Substance abuse impacts our bodies in many ways — none of them positive. In addition to poorly affecting the liver, heart, lungs and skin, oral health can suffer severely as a consequence of heavy drug use.
There are a thousand reasons to avoid drug use, but knowing what drugs do to your teeth should be a strong deterrent for anyone considering it. For active addicts, it’s important to get help now and begin the recovery process to prevent further damage to teeth and gums.
Addicts less likely to seek dental health care
The simplest reason that many drug users suffer from poor oral health is simply that they are less likely to seek out dental health care, such as routine cleanings. Many addicts don’t have money to pay for dental exams due to their expensive drug habits, or are unable to hold down a job. While in the throes of active addiction, many things get swept to the wayside as drugs become the person’s main priority — for example, making and keeping appointments at the dentist.
Ways that drugs can directly affect teeth
In addition to a general reluctance to seek regular preventive care, drugs do directly impact tooth and gum health in a few different ways.
Acidic conditions: Certain drugs create acidic conditions in the mouth that work to wear down enamel. Methamphetamine is the worst offender — as the highly acidic substance is inhaled into the mouth, it leaves behind acid that softens tooth enamel and wears down the teeth. Cocaine is another drug that becomes acidic when mixed with saliva. This effect is particularly exacerbated when users rub it directly on their gums. Crack cocaine’s effect on teeth is similar.
Dry mouth: Many intoxicating substances impede the production of saliva, including marijuana, methamphetamine and alcohol. It’s important to maintain levels of saliva in the mouth because its flow reduces the buildup of bacteria and plays an important role in preventing tooth decay.
Grinding teeth: Certain drugs lead users to grind their teeth or clench their jaws while they are intoxicated. Heroin, methamphetamine and ecstasy all carry this side effect. Grinding your teeth wears down their enamel and can lead to breakage, heavily exacerbating other symptoms of drug use.
Meth mouth: Methamphetamine is the worst drug that people can use when it comes to oral health — so bad that “meth mouth” has become a common nickname for the severe impacts it has on users’ teeth and gums. The combination of its acidity, saliva-reducing properties and causing users to grind their teeth makes it incredibly harmful. It’s so powerful that heavy meth users can begin to experience severe tooth decay within weeks of beginning to use the drug. Users of heroin’s teeth can be similarly affected.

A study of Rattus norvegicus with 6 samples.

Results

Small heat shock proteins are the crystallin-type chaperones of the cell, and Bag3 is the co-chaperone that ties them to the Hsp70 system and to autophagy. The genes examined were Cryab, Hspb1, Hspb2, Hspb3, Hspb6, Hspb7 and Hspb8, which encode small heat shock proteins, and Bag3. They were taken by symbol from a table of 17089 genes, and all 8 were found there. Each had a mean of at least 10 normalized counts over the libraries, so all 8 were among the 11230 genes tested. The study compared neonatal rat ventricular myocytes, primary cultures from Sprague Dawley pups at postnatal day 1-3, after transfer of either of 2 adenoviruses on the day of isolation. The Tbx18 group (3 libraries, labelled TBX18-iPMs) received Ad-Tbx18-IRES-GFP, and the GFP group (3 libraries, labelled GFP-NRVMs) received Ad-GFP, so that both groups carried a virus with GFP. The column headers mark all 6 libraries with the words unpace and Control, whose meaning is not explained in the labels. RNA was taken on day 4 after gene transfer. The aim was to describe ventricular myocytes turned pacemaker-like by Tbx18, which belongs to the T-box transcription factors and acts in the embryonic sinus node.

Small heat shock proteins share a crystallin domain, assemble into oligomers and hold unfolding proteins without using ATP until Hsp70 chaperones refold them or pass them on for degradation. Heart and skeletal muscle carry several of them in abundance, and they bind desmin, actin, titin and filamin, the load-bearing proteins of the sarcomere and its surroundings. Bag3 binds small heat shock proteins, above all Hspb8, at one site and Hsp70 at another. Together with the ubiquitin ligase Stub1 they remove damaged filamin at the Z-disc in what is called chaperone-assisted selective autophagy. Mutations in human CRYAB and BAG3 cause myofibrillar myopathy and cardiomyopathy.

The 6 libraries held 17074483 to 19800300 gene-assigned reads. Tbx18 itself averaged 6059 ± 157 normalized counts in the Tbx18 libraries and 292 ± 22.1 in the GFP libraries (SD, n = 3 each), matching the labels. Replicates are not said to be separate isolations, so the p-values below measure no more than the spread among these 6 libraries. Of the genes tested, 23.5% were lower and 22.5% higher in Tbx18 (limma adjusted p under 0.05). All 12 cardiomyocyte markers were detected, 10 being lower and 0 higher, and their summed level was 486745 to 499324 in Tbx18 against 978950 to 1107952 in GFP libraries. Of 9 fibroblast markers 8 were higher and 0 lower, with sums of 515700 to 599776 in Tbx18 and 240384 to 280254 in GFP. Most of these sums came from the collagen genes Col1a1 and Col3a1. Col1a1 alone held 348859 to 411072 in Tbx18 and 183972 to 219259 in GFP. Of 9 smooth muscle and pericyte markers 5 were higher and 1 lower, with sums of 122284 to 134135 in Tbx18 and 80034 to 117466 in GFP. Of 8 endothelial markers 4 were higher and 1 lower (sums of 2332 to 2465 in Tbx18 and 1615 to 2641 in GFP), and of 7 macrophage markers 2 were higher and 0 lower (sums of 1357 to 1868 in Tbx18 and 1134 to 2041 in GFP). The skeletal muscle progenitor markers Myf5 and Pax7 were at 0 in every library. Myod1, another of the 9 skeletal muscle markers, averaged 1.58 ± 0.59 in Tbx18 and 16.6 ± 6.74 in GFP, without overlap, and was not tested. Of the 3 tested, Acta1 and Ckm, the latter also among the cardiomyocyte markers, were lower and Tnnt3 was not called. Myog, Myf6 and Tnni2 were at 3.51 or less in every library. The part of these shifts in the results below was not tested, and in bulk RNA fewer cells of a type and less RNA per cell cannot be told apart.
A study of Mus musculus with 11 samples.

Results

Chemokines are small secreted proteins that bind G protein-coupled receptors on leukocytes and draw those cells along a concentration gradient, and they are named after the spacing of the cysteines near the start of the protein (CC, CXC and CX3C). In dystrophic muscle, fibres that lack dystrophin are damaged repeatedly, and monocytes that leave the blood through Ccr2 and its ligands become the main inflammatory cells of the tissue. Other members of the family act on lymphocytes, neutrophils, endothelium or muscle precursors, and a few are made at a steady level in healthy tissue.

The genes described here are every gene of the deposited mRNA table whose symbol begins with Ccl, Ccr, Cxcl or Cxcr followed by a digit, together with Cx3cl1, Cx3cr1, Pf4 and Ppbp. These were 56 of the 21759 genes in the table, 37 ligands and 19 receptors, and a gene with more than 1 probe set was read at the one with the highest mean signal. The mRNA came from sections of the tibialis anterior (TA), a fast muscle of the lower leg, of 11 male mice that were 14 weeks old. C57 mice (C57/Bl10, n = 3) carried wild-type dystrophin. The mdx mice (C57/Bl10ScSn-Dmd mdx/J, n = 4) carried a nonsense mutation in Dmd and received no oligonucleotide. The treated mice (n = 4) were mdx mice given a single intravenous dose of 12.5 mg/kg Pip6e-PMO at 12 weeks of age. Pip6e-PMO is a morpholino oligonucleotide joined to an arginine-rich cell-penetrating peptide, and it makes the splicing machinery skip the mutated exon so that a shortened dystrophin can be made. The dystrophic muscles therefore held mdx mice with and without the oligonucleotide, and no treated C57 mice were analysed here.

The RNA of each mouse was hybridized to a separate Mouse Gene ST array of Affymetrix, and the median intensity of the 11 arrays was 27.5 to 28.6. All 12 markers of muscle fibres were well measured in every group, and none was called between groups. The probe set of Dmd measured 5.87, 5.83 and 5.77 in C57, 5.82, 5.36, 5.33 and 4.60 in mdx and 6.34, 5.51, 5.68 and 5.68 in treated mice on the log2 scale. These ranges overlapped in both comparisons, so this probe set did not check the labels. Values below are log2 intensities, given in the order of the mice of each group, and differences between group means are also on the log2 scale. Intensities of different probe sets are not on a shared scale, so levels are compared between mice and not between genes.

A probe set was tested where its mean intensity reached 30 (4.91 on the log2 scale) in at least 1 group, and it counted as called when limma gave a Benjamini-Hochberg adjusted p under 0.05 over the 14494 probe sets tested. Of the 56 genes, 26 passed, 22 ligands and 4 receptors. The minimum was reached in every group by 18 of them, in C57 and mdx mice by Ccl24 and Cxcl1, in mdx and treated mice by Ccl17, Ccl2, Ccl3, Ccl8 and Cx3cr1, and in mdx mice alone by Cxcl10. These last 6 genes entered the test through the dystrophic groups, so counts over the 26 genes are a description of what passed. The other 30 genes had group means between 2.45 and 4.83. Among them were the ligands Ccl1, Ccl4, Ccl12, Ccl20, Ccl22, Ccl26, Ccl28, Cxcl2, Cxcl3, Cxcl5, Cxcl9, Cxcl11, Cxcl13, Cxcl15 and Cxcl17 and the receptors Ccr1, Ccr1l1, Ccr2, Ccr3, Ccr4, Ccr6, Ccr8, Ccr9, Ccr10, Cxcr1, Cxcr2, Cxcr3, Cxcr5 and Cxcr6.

Addicts’ lifestyles are not good for oral health
Some of the effects on drug users’ teeth are secondary — a result of the general lifestyle that drug addicts tend to fall into. Many drugs, such as marijuana, heroin and meth, cause people to crave sweet foods or junk food, and the high levels of sugar can damage teeth. Drug addicts often have poor diets in general as they lack money to eat well or don’t have an interest in preparing healthy foods.
Many addicts also forget to floss and brush their teeth on a regular basis, and are unlikely to seek routine dental cleanings and care by professionals.
A vicious cycle
Unfortunately, drug users can fall victim to a vicious cycle over time. Poor oral health triggers feelings of shame and depression — which people may choose to address by continuing to take drugs. Also, pain from untreated dental problems such as tooth decay or abscesses may lead people to self-medicate with pain-killing opioids. The further a person spirals into addiction, the more difficult it is for them to stop using and address their oral health care needs.
My name is Jeremy Rourke. I’m part of a family of dentists with my father, brother, cousin and nephew also being dentists. I won a University of Sydney Dental Alumni prize for being the top student in my year and graduated with Honours in 1971. I have been a Registered dentist for over 40 years. In that time I have created a few “firsts” in my efforts to stay ahead.